Erica Synths unveils the stunning SYNTRX II exploratory synthesizer and drops the LXR percussion and bassline machine into Eurorack.
I’d assumed with the discontinuation of the original Syntrx that Erica Synths had finished with high-end experimental synthesizers, but that is certainly not the case. Syntrx II is a beautiful piece of work that builds on the original and covers “sonic territory from daunting drones, to powerful basslines, to glitched noisescapes”.
Syntrx II features two stable oscillators with waveshaping and oscillator sync. Oscillator 1 moves from sine wave to pulse whereas oscillator 2 prefers pulse to sawtooth. A third oscillator provides a variable shaped LFO. The filter section features highpass and lowpass modes with resonance and level control. A Sample & Hold based randomiser provides some more modulation. The slightly strange Trapezoid section, which comes from the original, takes care of enveloping. As does the Joystick, but in this new version, we get to record our movements to create a more freeform modulator.
Also new is the redeveloped input section. The first input features an envelope follower to extract both the shape of the input and also the gate. The second input can handle microphone or line-level inputs, either direct or inverted. In the effects section, this time around, Erica Synths has added a Delay and upgraded the Ring Modulator.
One thing mentioned in the marketing but for which I can see no controls is the “piano-roll sequencer”. Presumably, it uses the Matrix Mixer somehow, but we’ll probably have to wait until we see it in action. Also, there’s no mention of internal speakers so I think they may have left those out. There’s no indication of them on the front at any rate.
Otherwise, our eyes get drawn to the lovely looking, softly lit VU meter and the matrix mixer to digitally recall all signal routing and patching. The ability to shift between signal mixes is compelling. It allows you to save the synth in your favourite configurations.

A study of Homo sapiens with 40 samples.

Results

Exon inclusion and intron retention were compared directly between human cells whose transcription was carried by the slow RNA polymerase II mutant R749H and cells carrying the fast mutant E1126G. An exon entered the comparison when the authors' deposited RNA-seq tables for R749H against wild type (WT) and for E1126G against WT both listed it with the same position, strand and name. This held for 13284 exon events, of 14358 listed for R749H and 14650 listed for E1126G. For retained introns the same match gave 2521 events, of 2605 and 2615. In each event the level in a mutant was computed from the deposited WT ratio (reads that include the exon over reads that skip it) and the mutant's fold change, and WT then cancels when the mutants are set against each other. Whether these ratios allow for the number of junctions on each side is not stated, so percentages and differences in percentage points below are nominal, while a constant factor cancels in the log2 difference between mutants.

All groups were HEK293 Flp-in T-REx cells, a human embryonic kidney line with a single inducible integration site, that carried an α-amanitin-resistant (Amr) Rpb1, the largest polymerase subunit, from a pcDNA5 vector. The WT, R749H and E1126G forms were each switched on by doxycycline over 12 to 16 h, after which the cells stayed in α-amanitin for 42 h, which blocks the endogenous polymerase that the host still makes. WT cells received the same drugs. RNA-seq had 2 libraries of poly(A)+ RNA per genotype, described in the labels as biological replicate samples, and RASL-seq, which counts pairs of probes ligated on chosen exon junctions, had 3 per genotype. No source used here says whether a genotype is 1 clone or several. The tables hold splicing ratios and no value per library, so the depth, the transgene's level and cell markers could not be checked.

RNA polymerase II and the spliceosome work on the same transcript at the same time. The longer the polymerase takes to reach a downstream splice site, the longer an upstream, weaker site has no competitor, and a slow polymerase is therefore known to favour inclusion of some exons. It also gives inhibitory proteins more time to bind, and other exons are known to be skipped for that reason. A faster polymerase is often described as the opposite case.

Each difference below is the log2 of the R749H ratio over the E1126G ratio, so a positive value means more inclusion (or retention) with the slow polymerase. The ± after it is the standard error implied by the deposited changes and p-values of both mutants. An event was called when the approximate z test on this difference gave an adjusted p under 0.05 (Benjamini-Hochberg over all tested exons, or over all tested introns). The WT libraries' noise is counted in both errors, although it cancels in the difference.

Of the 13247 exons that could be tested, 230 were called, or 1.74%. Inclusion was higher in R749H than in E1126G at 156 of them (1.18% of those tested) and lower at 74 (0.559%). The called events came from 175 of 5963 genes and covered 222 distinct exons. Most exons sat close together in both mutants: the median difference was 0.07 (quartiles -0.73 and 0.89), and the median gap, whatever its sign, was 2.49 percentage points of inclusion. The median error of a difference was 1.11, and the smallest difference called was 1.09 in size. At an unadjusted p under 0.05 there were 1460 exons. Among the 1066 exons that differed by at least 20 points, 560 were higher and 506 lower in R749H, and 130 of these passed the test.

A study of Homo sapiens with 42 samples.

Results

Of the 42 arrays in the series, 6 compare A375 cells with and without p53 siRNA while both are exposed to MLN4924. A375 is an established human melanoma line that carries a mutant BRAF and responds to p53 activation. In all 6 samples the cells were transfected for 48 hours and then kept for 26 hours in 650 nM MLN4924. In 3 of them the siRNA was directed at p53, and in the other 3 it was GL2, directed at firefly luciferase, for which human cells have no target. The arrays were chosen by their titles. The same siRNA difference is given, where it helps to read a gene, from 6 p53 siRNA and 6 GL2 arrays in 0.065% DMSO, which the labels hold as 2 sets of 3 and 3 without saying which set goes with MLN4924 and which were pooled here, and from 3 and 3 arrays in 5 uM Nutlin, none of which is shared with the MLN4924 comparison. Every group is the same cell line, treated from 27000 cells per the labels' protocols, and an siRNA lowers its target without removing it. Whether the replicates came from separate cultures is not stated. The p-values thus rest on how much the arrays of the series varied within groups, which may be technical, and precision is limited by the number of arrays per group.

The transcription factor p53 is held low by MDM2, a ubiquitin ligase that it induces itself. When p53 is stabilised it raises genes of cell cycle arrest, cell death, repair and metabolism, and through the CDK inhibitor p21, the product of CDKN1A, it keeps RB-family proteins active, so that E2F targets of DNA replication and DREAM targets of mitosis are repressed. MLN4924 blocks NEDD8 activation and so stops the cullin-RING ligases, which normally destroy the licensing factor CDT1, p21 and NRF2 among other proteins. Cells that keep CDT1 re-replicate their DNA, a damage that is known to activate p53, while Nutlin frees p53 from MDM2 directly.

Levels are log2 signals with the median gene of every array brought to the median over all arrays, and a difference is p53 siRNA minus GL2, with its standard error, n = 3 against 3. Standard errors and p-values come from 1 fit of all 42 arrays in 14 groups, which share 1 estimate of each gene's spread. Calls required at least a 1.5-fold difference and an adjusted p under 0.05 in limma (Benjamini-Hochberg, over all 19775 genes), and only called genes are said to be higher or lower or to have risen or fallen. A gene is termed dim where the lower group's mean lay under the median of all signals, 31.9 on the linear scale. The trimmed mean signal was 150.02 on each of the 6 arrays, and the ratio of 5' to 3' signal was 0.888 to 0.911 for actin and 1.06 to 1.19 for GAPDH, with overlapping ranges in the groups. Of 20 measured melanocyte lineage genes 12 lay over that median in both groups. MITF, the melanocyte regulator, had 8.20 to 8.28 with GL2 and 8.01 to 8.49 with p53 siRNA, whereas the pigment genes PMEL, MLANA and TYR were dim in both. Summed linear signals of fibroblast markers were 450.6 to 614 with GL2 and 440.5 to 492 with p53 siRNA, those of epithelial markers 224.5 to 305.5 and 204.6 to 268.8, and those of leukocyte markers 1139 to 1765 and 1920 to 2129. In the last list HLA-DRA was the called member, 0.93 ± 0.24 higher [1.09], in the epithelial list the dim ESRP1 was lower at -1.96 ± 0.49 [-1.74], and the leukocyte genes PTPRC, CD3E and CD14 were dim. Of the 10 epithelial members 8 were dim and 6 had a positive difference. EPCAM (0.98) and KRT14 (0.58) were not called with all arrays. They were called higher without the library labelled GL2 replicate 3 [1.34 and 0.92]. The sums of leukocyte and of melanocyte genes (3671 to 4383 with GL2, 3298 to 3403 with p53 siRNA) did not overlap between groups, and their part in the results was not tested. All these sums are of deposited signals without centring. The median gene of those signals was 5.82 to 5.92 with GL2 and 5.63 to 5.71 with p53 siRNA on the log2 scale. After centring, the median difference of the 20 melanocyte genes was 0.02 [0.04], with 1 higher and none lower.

The Syntrx was a beautiful synthesizer; this is something more than that. It will cost you €1,800 ex VAT and should be available in the summer.
LXR Eurorack module
The LXR-02 was a fruity little drum machine and bass synth built with Sonic Potions. Erica Synths has taken its core, squeezed it into a 28HP Eurorack module, and added a bunch of CV control and patch points.
The LXR features 6 drum or percussion voices. You can use 3 of the voices as basslines if you wish. Each voice has over 30 adjustable parameters making it possible to design your own synth sounds and build your own kits. Usefully, you can transfer kits from the desktop LXR-02 via an SD card. There are 6 trigger and accent inputs, 5 CV inputs and 4 assignable outputs. There’s no sequencer in the module so you’ll have to be running the sounds from another module. The Erica Synths Drum Sequencer springs to mind.
The LXR Eurorack module will also be available in the summer for €410.